What Voting Will Look Like for Cannabis in the U.S.


Colorado has Amendment X, which will effectively help to change the definition of industrial hemp. The industrial hemp industry has become more and more important as it is extremely different than that of cannabis. The need to explain this has meant that industrial hemp has been met with some challenges in various places. Hopefully, this will help to change this.

Michigan has put forward a very important proposal known as Proposal 1. The initiative according to the ballot would “authorize and legalize possession, use and cultivation of marijuana products by individuals who are at least 21 years of age and older, and commercial sales of marijuana through state-licensed retailers.” This is a very important ballot due to the fact that it will allow all adult use of cannabis for anyone over 21 years old. Specifically, this means that adults can possess and use cannabis and edibles containing cannabis. in addition, they would be allowed to grow as many as 12 cannabis plants for their own personal consumption. The hopes are that this ballot will be able to pass as Michigan has shown a very large amount of support for the growth of this industry.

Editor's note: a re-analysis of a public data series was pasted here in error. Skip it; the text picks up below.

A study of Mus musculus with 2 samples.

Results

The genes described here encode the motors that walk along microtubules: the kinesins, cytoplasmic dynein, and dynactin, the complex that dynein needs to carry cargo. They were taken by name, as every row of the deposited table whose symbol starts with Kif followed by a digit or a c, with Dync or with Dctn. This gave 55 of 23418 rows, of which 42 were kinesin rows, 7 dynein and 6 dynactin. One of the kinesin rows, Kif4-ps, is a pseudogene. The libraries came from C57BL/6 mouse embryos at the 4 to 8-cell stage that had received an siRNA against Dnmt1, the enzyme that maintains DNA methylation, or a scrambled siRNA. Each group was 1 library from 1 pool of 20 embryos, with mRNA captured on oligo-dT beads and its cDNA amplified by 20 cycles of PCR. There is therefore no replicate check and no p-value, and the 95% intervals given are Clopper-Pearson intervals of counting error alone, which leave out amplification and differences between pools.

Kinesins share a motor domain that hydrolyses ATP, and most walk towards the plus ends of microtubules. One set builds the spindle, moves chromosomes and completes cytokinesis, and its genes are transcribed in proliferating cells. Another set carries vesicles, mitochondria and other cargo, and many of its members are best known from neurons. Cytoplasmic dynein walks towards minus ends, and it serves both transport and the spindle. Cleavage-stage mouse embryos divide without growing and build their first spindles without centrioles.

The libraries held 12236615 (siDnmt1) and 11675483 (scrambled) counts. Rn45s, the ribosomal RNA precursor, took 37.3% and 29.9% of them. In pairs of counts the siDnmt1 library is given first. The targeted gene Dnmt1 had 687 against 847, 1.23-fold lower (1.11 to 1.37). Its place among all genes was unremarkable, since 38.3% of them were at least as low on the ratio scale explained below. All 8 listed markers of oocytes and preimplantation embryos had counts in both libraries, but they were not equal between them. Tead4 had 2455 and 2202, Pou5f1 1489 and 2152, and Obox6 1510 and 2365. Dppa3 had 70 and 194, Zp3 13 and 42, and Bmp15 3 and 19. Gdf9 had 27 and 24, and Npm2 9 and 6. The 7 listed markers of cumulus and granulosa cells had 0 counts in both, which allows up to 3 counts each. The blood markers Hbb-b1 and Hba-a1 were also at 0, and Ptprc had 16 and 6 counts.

North Dakota interestingly enough has put a similar but less progressive ballot into the vote known as Measure 3. The measure would change the statewide code to remove hashish, cannabis, and THC from Schedule I controlled substance. The vote would also help to amend criminal charges for those involved in owning cannabis or paraphernalia related to such. This has also been a big issue as the criminality of simply possessing cannabis has been a large issue and one that has been overprotected various times. As a more traditional state in the U.S., this would mean a great deal in terms of a paradigm shift for the industry. Cannabis has remained highly controversial for most of its history but in recent times, many people have seen through the propaganda to see that cannabis has the ability to treat a lot of varying illnesses as well as offer a much safer inebriation in comparison to many of the ways that people use today.

The hopes are high that these bills and the other ones that are similar on the coming ballots, will allow the cannabis industry to continue to move forward into the future. Only time will tell how well these ballots can see them public as November approaches.